Friday, October 2, 2009
Kwame Peprah speaks on Mabey & Johnson bribery
Former Finance Minister, Kwame Preprah The Former Finance Minister, Mr. Kwame Peprah, has expressed shock at an attempt by the British Serious Fraud Office (SFO-UK) to smear him with corruption, in its recent trial of Mabey and Johnson (M&J) over bribery charges.
Responding to an inquiry by The Enquirer as to how he felt about his name being mentioned in the M&J Scandal, Mr. Peprah, who was also a former Minister of Energy and Mines, said he was still at a loss as to why the UK investigative agency sought to impugn his integrity, when there was no basis for that.
According to him, “I really think it’s unfortunate that even though my name hasn’t cropped up to have received any money, my name has been dragged in, to the extent that they cite the ruling in the Quality Grain trial as evidence of a culture of corruption, when the trial judge in that case himself had stated that there was nothing like ‘stealing, corruption or embezzlement’ against me and my other colleagues in that case.”
On Friday, September 24, 2009: A Southwark Crown Court in London presided over by Geoffrey Rivlin, convicted British bridge construction firm Mabey and Johnson for intercontinental corrupt practices in their dealings with many countries, including Ghana, Iraq, Jamaica.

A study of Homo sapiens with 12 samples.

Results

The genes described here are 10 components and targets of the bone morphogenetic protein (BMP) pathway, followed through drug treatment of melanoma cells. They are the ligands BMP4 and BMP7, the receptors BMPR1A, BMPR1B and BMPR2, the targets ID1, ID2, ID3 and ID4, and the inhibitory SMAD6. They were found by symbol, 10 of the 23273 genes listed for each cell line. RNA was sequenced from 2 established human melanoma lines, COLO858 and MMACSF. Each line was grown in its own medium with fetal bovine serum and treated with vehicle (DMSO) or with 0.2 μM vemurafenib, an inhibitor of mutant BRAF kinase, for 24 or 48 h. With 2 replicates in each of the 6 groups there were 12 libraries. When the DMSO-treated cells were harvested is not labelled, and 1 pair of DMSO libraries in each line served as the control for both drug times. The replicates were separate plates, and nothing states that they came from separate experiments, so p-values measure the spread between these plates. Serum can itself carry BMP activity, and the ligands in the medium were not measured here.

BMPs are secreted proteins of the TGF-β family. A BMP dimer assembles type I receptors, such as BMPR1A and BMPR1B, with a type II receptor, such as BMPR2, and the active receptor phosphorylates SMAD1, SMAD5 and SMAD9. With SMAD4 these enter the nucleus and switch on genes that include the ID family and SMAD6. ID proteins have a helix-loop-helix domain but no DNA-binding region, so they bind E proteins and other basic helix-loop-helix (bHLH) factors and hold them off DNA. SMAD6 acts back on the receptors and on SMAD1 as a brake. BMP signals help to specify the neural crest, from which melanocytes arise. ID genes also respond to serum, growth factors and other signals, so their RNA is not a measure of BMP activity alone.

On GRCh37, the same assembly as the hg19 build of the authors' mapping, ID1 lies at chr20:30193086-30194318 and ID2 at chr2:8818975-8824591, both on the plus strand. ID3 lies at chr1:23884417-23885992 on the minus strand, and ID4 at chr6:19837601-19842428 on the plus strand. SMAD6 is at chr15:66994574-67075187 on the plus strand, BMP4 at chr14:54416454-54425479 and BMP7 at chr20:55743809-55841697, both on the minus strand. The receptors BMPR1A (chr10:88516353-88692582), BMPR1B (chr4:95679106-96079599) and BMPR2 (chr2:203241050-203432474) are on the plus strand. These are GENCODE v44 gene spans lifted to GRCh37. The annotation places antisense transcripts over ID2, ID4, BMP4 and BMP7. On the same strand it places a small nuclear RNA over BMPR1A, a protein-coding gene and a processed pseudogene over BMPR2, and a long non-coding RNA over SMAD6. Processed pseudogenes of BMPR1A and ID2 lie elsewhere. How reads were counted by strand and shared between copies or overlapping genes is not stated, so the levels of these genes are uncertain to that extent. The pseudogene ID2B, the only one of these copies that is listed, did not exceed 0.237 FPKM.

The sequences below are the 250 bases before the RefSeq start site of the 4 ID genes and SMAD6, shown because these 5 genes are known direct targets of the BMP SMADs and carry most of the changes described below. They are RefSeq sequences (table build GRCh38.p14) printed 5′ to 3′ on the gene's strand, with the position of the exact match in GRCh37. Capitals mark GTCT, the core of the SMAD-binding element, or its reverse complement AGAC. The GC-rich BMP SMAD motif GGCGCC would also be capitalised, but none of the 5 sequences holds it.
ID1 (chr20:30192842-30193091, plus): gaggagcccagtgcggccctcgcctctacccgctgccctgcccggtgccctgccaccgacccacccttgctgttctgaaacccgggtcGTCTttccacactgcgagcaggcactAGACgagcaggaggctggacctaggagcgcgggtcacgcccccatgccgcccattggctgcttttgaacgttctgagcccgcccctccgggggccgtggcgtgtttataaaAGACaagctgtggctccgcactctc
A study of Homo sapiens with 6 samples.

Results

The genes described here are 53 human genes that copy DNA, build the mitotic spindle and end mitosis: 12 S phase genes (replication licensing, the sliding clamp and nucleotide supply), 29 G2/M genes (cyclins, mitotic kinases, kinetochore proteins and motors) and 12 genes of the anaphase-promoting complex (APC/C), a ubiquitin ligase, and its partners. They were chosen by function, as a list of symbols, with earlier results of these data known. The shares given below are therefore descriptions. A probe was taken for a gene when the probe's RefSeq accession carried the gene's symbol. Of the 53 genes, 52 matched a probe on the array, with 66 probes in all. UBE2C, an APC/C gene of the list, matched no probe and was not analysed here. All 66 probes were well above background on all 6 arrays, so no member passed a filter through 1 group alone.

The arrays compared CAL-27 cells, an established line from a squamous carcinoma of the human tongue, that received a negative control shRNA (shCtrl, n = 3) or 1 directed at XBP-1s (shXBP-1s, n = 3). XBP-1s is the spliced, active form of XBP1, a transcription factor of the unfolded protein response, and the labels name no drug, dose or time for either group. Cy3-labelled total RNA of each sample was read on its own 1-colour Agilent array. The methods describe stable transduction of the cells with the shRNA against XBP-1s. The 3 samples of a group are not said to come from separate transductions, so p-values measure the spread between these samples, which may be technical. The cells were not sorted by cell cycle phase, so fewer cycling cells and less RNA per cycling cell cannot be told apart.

That decision sent shock waves through the length and breadth of the country, as some of the key persons citied in court documents, including Mr. Peprah, happened to be persons either holding public offices presently or had previously held top public offices in Ghana.
I really think it’s unfortunate that even though my name hasn’t cropped up to have received any money, my name has been dragged in, to the extent that they cite the ruling in the Quality Grain trial as evidence of a culture of corruption, when the trial judge in that case himself had stated that there was nothing like ‘stealing, corruption or embezzlement’ against me and my other colleagues in that case.”
But whereas former directors of M&J, whose conduct the court deemed to be criminal to warrant the conviction of the company, have been shielded from the public, by simply assigning letters to represent them, the SFO throws into its submission with careless abandon, the names of officials in the countries where M&J operated.
For instance, in dragging the names of Ghanaian public officials into the scandal and lacing them with a corruption tag, the SFO asserted among others:
“Dr. Yankey was subsequently convicted in Ghana of conspiring to willfully cause losses to state and served a prison sentence, along with Kwame Peprah,” continuing mischievously, that “Their convictions cannot be directly related to payments from M&J, but reflect the culture of government corruption at the time, a culture with which M&J was only too willing to engage.”
The SFO argument that the conviction of Dr. George Yankey, Former Director of Legal and International Affairs at the Finance Ministry and Mr. Peprah, reflected a “culture of government corruption at the time, ‘run contrary to the stated.